A combative Sen. Ted Stevens jousted with a federal prosecutor Friday over his relationship with a crooked businessman who provided gifts and thousands of dollars in free work on his house in Alaska.
The famously short-fused Stevens could be seen trying to keep his temper in check as prosecutor Brenda Morris pressed him about the more than $250,000 in renovations and other gifts he received through millionaire businessman Bill Allen, who founded VECO Corp., an oil services company.
Stevens is charged with trying to hide the gifts and free work by lying on Senate financial disclosure forms.
As Morris repeatedly questioned him on his relationship with Allen, VECO and the new things at his home, Stevens would shoot back with: "You're not listening to me, I've answered it twice," "I'm not going to get into a numbers game with you," "You're making a lot of assumptions that are unwarranted," and "That question is tautological."
Stevens insisted that the things he received from Allen, such as furniture, a backup generator and a toolbox, were things from a drinking buddy who had keys to his Girdwood home, not material from VECO Corp.
"VECO is not Bill Allen to me. Bill Allen is not VECO. You're the one bringing VECO in here. Bill Allen is my friend," Stevens said.
And Stevens told jurors that he didn't want the things Allen brought over anyway, and continually asked him for bills or to take the things away. But Allen didn't.
"You were a lion of the Senate, but you didn't know how to stop this man from putting big ticket items at your home?" said Morris, who asked the Republican icon why he didn't just ask for his keys back.
"I asked him to change and he said he would," said Stevens, who said Allen was a friend.
"But he didn't," Morris said.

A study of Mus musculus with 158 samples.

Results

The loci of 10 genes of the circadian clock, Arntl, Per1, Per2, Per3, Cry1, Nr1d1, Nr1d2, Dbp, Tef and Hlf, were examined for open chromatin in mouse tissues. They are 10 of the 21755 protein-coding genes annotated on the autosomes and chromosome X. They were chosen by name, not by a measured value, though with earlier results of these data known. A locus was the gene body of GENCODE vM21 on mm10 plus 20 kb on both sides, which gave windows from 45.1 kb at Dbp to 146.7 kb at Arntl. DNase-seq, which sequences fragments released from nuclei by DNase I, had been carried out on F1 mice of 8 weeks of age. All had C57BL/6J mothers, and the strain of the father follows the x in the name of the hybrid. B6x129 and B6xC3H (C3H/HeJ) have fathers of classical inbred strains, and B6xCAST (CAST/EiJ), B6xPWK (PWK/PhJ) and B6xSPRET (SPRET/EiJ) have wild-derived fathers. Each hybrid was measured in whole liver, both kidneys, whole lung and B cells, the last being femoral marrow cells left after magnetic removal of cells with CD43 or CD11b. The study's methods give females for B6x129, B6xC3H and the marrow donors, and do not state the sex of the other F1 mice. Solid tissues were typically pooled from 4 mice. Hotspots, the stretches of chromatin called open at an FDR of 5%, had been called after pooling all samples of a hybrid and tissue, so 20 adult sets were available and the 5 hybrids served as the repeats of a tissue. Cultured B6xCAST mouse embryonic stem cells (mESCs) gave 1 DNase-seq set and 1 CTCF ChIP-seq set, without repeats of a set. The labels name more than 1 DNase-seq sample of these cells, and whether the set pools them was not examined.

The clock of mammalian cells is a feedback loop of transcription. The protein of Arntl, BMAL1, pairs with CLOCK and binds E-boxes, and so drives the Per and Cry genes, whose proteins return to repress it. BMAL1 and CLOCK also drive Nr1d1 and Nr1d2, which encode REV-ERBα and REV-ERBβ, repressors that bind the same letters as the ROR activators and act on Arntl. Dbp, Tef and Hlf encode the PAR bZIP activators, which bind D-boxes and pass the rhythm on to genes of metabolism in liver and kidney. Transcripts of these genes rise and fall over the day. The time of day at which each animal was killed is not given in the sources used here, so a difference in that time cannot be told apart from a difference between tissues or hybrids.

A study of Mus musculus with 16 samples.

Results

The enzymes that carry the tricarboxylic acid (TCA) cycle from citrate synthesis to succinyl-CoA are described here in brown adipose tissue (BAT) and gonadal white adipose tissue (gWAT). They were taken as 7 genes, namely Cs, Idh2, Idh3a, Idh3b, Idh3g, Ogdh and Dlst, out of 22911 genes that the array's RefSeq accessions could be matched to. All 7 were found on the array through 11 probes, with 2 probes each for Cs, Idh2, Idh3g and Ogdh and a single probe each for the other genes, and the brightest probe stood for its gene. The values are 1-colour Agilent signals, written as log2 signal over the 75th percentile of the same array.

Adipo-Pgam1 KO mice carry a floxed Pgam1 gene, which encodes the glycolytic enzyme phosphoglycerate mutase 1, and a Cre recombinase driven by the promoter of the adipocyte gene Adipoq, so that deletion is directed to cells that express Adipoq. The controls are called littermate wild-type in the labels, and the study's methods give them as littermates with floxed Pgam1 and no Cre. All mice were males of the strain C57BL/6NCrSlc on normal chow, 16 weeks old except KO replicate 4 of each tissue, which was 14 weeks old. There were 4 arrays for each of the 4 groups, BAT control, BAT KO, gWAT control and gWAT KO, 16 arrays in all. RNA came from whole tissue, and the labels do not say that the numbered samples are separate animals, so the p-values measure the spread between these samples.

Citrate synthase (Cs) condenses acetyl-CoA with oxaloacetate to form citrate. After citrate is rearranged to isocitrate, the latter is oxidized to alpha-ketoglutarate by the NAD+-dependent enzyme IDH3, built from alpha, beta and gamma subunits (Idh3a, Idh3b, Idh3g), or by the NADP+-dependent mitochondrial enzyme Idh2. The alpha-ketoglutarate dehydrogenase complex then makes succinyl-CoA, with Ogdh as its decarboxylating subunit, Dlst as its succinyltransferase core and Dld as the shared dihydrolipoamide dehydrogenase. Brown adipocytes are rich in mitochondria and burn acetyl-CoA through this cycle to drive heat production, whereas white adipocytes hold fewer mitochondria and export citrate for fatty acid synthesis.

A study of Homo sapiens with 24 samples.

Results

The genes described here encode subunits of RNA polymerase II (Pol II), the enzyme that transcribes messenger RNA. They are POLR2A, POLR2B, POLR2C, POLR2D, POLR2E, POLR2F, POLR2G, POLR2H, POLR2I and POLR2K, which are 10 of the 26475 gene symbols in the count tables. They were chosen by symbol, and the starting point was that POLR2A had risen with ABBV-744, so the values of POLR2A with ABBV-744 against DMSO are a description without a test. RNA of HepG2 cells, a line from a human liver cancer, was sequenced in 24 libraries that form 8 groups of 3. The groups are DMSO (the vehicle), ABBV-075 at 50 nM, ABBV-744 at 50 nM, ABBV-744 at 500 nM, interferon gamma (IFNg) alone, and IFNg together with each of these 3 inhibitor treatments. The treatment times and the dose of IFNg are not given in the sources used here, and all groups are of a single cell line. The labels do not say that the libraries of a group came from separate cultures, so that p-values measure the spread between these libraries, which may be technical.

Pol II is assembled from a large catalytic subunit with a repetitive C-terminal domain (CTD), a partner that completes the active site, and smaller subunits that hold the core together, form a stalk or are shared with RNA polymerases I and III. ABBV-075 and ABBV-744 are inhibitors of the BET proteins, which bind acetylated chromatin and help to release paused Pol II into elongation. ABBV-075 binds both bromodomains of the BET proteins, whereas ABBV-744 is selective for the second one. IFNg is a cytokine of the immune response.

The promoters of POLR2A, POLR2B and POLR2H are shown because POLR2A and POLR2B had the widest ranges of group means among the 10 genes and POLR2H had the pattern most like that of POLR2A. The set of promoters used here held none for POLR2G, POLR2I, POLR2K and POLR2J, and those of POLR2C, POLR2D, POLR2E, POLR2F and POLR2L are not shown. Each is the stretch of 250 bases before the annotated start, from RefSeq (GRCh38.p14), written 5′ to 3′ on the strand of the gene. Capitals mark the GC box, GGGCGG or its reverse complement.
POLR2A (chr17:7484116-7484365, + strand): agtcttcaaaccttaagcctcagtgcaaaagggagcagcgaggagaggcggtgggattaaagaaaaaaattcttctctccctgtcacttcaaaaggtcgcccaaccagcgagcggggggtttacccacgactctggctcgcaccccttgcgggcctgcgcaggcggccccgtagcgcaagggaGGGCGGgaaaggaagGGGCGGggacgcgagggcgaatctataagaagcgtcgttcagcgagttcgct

"No, he didn't," Stevens said
The renovations are at the heart of Stevens' corruption trial. The Alaska Republican appeared as his own star witness, trying to convince jurors that he paid every bill he received for his 2000 home renovation project and didn't know he received any freebies.
"I pay my bills wherever I am," Stevens said. "I don't let people buy my lunch or buy my dinner. Wherever I am, I pay my bills."
Stevens said he and his wife, Catherine, intended to treat the renovation project the same way. He said they relied on friends to oversee it and arranged a loan to pay for it. He described making it clear that he intended to pay for everything.
Allen testified earlier in the trial that Stevens knew he wasn't getting billed for all the work being done and that he wanted invoices only to protect himself.
"That's just an absolute lie," said Stevens, who sat stone-faced during that testimony. "I heard it. It's an absolute lie."
Stevens suggested that some details may have gotten lost amid the busy life of a senator: the committee meetings, the long hours and the challenges that come with representing a state four time zones away.
And he said the renovations were essentially his wife's project. When renovation bills arrived at his office, Stevens said, his staff members forwarded them to his wife.
"What goes on in the house is Catherine's business," Stevens testified. "What goes on outside is my business," he said.
Stevens cast himself as an honest lawmaker who was out-of-the-loop when it came to the things that were going on at his Girdwood home. With his lawyer Brendan Sullivan, Stevens went through some of things he said he found at his home without ever asking for them.
He said he asked Allen to rent a small generator for the house and was surprised to find a complicated, high-end model hard-wired to the house. "I asked him why we had that rather than a portable one. He said, 'I told the guys to hook it up and that's what they did,"' Stevens testified.
He said he told Allen to get rid of it. "This is the first real argument I had with Bill over what was going on at the house," he said.
Stevens also described being stunned to find that Allen had stocked his house with furniture. "I literally walked in and found all new furniture," Stevens said. "All of our furniture was gone."
The trial has jeopardized one of the Senate's storied careers. An imposing figure in Alaska politics since before statehood, Stevens is now fighting to hold onto a Senate seat he has held for generations. He's hoping for an acquittal before Election Day.